The Chattanooga Symphony & Opera has been approved for a $10,000 Art Works grant to support concerts of works by female composers and female guest artists, as well as related educational activities.
The award will provide funding for the organization’s March 5 performance, Beethoven Piano Concerto No. 2, featuring guest pianist Gloria Chien and contemporary female composer Jelena Dabic's Beethaphase. A special Women in Classical Music panel will be held in conjunction with the concert on Wednesday, March 4 at 1 p.m. at the Chattanooga Library Auditorium and will include a panel discussion with Chien, who also serves as artistic director of the Hunter Museum of American Art’s String Theory chamber music series, as well as CSO Music Director Kayoko Dan and Dr.
Lynn Worcester Jones, assistant professor and Keyboard Area coordinator at The University of Tennessee at Chattanooga. The panel will be moderated by CSO Executive Director Samantha Teter and is free of charge and open to the public.
Funding will also be provided for the CSO’s April 30 season finale, Pictures at an Exhibition, which will feature Chinese-American composer Wang Jie’s America the Beautiful. Area middle and high school students will be invited to attend Girls of Note, a special meet-and-greet with Ms. Jie, on April 28 at 6 p.m. at the Tivoli Theatre, and students will also have the chance to hear the CSO rehearse for their upcoming concert at 8 p.m. The event is free of charge, but availability will be limited. Ms. Jie will also take part in the CSO’s Meet the Composer luncheon at Walden Club on April 29 at 11:30 a.m. Tickets for the luncheon will go on sale in late March.
These special programs are part of the CSO’s commitment to introducing audiences to a diverse group of composers and guest artists. “This season, I have made a conscious effort to prominently feature underrepresented composers, particularly female composers, throughout our Masterworks and Chamber Series,” says Ms. Dan. “Composer Rob Deemer's Institute for Composer Diversity has inspired me to be more mindful about programming, and we are proud to be recognized by that organization as one of the U.S. orchestras making huge strides in inclusivity. I am excited for our community to continue embracing the programming and this celebration of diversity.”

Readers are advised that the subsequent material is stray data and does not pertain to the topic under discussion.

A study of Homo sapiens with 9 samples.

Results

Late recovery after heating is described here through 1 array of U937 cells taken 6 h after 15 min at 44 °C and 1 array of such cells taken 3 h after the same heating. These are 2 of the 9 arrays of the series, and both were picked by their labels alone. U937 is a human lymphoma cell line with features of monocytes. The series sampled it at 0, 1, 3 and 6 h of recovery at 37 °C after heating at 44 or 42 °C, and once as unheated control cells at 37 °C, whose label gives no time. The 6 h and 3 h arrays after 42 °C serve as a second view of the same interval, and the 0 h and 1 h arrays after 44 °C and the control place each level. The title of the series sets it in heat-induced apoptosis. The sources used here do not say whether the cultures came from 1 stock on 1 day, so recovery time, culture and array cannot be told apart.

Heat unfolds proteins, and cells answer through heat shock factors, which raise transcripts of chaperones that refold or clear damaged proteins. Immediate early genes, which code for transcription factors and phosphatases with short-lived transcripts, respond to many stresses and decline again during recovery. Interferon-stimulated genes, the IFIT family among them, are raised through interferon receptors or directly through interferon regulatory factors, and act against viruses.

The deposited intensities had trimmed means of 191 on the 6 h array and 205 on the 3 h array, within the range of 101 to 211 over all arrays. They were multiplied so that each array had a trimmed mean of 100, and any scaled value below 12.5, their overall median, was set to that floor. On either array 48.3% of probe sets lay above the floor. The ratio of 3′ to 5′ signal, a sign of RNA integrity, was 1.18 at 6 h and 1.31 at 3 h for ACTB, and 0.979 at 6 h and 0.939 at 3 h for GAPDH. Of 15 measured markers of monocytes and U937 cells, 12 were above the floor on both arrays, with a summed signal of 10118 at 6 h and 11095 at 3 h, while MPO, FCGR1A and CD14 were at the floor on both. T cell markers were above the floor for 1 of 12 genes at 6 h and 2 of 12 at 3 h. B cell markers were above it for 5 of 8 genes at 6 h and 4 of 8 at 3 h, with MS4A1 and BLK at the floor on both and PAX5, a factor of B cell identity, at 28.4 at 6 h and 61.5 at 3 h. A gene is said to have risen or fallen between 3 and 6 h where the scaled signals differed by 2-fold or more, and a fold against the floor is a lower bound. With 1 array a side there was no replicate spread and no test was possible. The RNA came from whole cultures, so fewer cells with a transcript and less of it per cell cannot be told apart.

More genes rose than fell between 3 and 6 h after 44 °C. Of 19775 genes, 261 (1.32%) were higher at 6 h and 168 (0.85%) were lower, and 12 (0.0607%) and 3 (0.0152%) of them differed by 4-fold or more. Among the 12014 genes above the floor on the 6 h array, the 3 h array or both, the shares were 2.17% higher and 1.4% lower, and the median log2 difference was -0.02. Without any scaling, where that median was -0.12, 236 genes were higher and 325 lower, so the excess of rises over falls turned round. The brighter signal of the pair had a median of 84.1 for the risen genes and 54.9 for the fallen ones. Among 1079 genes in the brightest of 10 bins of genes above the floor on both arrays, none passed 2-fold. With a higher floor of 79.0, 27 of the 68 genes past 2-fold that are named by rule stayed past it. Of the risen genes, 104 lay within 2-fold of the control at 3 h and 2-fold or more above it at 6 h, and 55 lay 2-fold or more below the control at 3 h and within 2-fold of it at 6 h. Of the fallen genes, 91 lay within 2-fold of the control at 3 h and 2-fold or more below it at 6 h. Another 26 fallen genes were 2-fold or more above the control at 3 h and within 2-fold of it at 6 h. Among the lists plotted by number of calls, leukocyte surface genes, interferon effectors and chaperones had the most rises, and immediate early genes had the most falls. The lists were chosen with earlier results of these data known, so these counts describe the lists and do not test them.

The Art Works funding category supports projects that focus on public engagement with, and access to, various forms of excellent art across the nation; the creation of art that meets the highest standards of excellence; learning in the arts at all stages of life; and the integration of the arts into the fabric of community life. “The arts are at the heart of our communities, connecting people through shared experiences and artistic expression,” said Arts Endowment Chairman Mary Anne Carter. “The National Endowment for the Arts is proud to support projects such as this one.”
Overall, the National Endowment for the Arts has approved 1,187 grants totaling $27.3 million in the first round of fiscal year 2020 funding to support arts projects in every state in the nation, as well as the District of Columbia and Puerto Rico.